The Little-Known (but Totally Legal) Way to Tap Your 401(k) Early Without Penalty
The catch? You have to be at least 55 years old, unless you’re a qualified public-safety employee, in which case a lower age of 50 applies. Typically referred to as the Rule of 55, it’s a special provision that allows adults between the ages of 55 and 59½ to withdraw money from their 401(k) penalty-free under certain circumstances. Here’s an overview of how it works.
The Rule of 55
The IRS Rule of 55 enables adults who quit their job, are laid off or fired to withdraw money from their 401(k) or 403(b) without paying a penalty, though you will still have to pay taxes on the withdrawn amount. This rule goes into effect on Jan. 1 of the year that you will turn 55, so if you leave your job during this year but before your birthday, you can actually start tapping your 401(k) at 54 without penalty. Qualified public safety employees, including law enforcement officers, firefighters, and emergency medical services personnel, are eligible for this benefit starting at age 50.
But this doesn’t apply to all of your retirement accounts — only the one for your current employer. So you’ll still have to wait until you’re 59½ to access your IRA funds or any 401(k) funds from a previous employer. But you can get around this by transferring the funds from your old 401(k) to your new one.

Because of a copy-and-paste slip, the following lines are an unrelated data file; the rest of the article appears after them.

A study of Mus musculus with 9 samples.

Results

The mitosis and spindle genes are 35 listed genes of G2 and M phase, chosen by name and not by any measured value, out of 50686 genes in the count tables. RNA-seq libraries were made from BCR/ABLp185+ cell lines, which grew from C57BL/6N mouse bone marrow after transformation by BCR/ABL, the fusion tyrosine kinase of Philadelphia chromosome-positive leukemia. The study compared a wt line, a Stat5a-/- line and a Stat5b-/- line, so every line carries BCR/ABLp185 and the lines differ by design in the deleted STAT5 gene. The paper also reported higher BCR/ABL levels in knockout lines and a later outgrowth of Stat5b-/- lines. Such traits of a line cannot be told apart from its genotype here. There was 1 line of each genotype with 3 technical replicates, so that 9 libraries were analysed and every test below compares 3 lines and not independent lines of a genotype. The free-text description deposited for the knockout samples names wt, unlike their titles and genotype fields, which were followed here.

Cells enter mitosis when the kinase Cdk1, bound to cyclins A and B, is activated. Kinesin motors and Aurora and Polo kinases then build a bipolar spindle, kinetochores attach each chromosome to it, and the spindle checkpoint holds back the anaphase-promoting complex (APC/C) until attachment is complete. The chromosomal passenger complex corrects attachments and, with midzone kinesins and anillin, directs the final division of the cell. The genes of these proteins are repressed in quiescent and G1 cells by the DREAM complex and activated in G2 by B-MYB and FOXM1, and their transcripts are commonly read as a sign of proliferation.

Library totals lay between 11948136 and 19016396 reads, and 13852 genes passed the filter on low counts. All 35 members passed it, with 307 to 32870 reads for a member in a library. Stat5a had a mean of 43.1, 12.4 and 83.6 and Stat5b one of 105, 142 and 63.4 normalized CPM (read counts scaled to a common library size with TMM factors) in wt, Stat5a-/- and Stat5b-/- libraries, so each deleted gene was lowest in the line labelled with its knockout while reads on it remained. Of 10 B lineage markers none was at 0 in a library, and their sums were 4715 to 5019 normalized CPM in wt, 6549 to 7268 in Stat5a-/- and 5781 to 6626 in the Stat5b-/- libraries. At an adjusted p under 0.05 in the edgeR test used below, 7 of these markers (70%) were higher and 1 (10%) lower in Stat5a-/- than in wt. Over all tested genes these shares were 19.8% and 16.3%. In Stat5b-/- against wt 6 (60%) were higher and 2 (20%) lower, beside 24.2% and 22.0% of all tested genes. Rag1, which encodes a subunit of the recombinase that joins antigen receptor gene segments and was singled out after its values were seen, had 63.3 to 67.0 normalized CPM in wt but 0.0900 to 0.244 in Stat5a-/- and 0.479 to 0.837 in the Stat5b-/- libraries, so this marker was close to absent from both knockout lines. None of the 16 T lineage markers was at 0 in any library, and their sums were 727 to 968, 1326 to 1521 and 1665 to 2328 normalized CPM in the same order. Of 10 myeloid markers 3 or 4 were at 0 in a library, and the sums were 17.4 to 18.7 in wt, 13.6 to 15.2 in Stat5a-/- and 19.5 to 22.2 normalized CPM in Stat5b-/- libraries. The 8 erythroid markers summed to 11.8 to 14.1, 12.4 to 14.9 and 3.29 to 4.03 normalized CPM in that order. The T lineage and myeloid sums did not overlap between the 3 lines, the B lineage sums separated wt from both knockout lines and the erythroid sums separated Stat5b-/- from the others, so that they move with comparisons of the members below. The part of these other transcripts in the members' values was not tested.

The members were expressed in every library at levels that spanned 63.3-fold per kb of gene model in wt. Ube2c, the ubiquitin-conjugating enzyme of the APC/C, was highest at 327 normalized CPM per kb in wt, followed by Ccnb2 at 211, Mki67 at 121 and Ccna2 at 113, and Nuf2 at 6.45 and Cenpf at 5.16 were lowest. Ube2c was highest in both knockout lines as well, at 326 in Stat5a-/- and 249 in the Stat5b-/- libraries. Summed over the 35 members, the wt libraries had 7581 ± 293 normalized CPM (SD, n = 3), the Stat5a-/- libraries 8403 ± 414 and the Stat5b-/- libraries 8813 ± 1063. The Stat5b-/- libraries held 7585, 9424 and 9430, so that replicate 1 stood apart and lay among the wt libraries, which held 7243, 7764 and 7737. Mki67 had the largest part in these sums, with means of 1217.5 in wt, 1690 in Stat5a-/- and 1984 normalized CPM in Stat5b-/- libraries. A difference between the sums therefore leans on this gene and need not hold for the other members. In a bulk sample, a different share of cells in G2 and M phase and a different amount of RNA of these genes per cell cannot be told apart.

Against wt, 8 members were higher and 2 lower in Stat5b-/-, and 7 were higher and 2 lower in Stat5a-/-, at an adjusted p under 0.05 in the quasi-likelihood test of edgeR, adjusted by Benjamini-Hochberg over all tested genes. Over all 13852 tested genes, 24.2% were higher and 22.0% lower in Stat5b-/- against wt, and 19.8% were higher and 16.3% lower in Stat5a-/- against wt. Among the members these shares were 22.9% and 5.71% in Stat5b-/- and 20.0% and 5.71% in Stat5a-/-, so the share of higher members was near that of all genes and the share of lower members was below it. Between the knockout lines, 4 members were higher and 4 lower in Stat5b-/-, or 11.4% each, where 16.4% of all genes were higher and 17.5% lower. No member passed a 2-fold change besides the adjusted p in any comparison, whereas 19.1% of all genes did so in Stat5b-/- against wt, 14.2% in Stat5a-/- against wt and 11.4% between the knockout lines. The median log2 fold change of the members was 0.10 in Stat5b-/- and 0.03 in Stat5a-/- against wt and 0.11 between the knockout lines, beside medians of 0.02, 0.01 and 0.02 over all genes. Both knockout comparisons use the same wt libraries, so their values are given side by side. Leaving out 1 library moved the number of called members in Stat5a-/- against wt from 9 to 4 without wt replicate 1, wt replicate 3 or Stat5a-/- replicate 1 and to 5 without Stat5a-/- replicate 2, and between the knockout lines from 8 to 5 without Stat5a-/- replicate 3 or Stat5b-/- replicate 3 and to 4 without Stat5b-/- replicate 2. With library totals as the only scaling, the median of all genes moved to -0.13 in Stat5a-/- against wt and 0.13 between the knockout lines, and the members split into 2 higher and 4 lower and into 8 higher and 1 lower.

Just because you can take a distribution doesn’t mean you should
While you may be able to begin taking distributions from your 401(k) early, that doesn’t mean it’s a good idea. The longer the money remains in your 401(k), the more compound interest can make it grow. By taking it out now, you could be depriving yourself of even more later. That $30,000 you withdraw this year to cover your living expenses could grow into $44,725 by the time you’re 59½, assuming an 8% rate of return. That’s a difference of nearly $15,000.
Plus, if you begin taking distributions from your 401(k) in the year you quit your job, your reported income will likely be higher from the combination of your employment income and your 401(k) distributions than it would be if you had the 401(k) distributions alone. This means you’ll pay more in taxes, and more of your retirement savings will go back to the government.
It’s best to avoid drawing on your retirement savings for as long as you can, unless you’re confident that you have more than enough to see you through the next couple of decades. Of course, there may be times when it makes sense to begin taking 401(k) distributions early. If you cannot find another job or you’re unable to work for some reason, the Rule of 55 can be a lifeline that helps you stay afloat until you can get back on your feet.